As part of his exertions in guiding his flock, Madhvacharya chose select storylines from the Mahabharata as aids to teaching his disciples about dharma in everyday life. His explications are never cerebral, and his philosophy is subsumed in the storyline. Sriman Mahabharata Tatparya Nirnayam , being an amazing work of intuitive interpretation, defies translation. But a pen dipped in pure devotion can perform the impossible. Sridharan has done his best and the Guru's grace does the rest.
The present volume, sixth in the series, deals with the 19th and 20th chapters of the Nirnayam . In the former, we get to draw close to the ‘Lacquer Palace' episode, marriage with Hidimba, the killing of Bakasura and the swayamvara of Draupadi. There is never a dull moment even as we begin with Duryodhana's association with the evil Kalinga to despoil his cousins. A blind love for one's progeny will inevitably end in disaster. That is what happens.
The choice of these episodes is appropriate since the Madhva sampradaya considers Hanuman and Bhima as incarnations of Vayu. Madhvacharya himself is hailed as the third incarnation of Vayu. His exposition teaches us the path of Dharma in clear terms. Duryodhana and his henchmen are sons of darkness, while the Pandavas become the darlings of Sri Krishna on account of their adherence to Dharma.
Wielding four languages (Sanskrit, Tamil, Kannada and English), Sridharan draws our attention to several interesting facets of the received text. Draupadi's rejection of Karna as the son of a charioteer is not tenable since the BORI edition does not mention it; the practice of giving wedding presents perhaps started with Krishna bestowing gifts upon Draupadi and the Pandavas on their marriage; the noteworthy comparison Prabhanjanachar makes between Draupadi's marriage with the Pandavas and the five senses of a human being with the centre in the brain; Krishna's life with his eight principal queens.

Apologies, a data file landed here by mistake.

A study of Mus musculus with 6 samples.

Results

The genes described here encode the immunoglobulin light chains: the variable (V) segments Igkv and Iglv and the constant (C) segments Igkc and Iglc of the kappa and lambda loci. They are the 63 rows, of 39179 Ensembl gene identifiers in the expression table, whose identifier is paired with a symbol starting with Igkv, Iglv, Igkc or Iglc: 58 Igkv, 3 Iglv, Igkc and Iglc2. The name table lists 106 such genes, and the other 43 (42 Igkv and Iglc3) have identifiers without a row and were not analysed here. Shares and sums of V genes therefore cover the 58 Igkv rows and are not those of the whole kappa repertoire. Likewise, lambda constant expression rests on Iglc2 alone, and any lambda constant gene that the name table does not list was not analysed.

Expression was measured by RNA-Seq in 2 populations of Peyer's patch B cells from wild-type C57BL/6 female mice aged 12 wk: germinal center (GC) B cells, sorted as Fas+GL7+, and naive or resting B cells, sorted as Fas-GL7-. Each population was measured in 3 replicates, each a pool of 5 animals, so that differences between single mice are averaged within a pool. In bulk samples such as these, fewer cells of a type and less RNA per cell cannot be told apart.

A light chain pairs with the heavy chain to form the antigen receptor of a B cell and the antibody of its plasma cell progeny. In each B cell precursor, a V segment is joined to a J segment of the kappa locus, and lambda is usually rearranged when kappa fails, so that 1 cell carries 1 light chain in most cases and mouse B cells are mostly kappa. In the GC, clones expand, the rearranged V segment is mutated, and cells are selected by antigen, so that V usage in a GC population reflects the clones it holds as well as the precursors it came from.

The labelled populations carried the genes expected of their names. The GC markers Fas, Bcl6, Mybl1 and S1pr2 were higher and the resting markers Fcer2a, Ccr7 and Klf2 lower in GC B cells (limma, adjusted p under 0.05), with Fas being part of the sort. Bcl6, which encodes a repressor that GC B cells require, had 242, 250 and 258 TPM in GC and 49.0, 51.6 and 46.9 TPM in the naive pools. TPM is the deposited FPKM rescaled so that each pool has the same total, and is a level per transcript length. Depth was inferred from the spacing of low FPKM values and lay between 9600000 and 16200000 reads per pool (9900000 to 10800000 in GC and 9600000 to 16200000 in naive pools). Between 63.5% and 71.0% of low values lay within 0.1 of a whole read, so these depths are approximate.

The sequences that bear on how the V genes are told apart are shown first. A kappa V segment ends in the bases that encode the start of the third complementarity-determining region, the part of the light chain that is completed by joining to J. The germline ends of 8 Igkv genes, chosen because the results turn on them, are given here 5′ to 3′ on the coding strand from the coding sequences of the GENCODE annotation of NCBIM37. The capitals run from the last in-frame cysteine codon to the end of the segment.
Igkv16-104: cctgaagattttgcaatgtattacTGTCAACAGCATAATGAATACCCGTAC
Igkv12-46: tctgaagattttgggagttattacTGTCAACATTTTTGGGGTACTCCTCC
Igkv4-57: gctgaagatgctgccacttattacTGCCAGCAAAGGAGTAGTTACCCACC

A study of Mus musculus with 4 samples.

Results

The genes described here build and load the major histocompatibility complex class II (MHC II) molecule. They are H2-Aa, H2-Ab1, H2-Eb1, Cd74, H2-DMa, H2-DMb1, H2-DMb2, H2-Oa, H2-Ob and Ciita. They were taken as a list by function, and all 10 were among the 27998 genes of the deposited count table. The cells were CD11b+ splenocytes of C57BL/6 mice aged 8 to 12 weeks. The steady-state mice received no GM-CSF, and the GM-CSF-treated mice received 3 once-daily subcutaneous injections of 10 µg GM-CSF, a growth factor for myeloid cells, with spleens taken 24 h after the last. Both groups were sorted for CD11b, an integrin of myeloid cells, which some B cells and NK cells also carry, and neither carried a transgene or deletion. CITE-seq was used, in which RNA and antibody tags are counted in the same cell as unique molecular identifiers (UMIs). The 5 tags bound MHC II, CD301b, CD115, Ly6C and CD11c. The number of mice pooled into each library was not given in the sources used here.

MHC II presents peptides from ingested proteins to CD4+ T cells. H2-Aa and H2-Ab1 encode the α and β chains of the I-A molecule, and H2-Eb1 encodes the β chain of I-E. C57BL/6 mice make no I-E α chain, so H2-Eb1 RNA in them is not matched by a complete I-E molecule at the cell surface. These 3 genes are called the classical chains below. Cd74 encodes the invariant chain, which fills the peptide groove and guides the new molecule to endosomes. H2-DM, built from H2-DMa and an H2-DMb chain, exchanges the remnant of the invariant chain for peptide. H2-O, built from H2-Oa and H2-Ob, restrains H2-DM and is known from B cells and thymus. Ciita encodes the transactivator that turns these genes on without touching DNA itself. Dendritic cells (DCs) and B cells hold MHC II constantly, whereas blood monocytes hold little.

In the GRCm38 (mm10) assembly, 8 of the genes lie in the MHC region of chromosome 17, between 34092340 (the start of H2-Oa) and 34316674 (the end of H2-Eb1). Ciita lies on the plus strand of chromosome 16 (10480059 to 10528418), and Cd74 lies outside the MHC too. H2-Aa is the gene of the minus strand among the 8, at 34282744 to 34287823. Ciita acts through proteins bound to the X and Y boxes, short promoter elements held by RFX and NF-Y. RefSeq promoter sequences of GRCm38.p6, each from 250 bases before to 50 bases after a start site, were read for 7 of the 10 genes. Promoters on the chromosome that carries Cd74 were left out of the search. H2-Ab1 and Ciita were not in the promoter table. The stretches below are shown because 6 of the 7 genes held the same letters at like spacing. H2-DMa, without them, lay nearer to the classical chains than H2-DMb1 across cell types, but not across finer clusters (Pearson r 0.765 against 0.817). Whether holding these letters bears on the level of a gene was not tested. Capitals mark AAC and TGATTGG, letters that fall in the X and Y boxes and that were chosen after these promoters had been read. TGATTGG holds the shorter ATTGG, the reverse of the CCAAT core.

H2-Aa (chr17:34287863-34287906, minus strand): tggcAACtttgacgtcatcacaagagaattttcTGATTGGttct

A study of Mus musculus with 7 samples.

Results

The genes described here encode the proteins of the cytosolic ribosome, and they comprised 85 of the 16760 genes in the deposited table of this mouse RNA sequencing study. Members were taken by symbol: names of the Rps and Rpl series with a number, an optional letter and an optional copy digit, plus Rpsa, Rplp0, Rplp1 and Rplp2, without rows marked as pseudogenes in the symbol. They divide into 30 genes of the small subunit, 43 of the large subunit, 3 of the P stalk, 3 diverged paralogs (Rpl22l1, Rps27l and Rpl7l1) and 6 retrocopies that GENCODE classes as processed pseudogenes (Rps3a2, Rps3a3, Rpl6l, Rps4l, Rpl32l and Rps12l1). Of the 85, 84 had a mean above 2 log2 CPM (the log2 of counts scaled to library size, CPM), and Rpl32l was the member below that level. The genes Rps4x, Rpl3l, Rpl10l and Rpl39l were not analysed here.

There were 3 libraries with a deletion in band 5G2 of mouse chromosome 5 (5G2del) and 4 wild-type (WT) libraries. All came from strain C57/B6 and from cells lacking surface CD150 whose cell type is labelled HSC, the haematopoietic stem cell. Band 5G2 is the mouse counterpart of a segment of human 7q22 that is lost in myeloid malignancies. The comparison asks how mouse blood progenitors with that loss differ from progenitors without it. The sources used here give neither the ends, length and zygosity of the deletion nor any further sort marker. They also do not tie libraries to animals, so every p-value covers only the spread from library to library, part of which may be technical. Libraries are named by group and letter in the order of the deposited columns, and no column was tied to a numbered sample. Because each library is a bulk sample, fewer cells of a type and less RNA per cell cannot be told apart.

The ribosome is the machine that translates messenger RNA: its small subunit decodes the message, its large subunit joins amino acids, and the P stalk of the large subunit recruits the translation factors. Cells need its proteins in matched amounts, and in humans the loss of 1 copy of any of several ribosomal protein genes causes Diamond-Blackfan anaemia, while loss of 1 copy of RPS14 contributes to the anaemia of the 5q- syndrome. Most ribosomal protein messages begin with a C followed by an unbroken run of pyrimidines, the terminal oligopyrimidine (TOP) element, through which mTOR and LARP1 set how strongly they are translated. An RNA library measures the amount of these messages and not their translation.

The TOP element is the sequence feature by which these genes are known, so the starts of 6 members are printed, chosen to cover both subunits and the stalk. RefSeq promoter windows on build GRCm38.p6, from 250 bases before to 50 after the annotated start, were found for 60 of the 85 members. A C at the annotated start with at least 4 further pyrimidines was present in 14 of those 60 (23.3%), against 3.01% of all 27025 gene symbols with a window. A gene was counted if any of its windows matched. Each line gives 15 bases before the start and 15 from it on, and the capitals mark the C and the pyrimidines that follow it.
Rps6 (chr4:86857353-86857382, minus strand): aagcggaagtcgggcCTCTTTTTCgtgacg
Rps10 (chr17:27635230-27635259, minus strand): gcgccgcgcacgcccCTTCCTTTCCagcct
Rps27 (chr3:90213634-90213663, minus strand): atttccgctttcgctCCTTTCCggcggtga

Each and every page has something interesting to tell and it is staggering to watch Madhvacharya and the commentators walking on razor's edge when dealing with the polyandry of Draupadi and polygamy of Krishna.
Throughout his work, the Acharya is intent on explaining the Shastraic injunctions so that his listeners would not misinterpret the Mahabharata . He has a good deal to say on administration. The important comments are made contemporaneous by the translator's notes.
Prosperity was the result of judicious governance by the Pandavas. Unfortunately all this was destroyed, showing how it is the common man who suffers if the leaders are driven by jealousy and indulge in corrupt and naasthikya ways rejecting the Divine. The book is an important addition to the Mahabharata library in Tamil.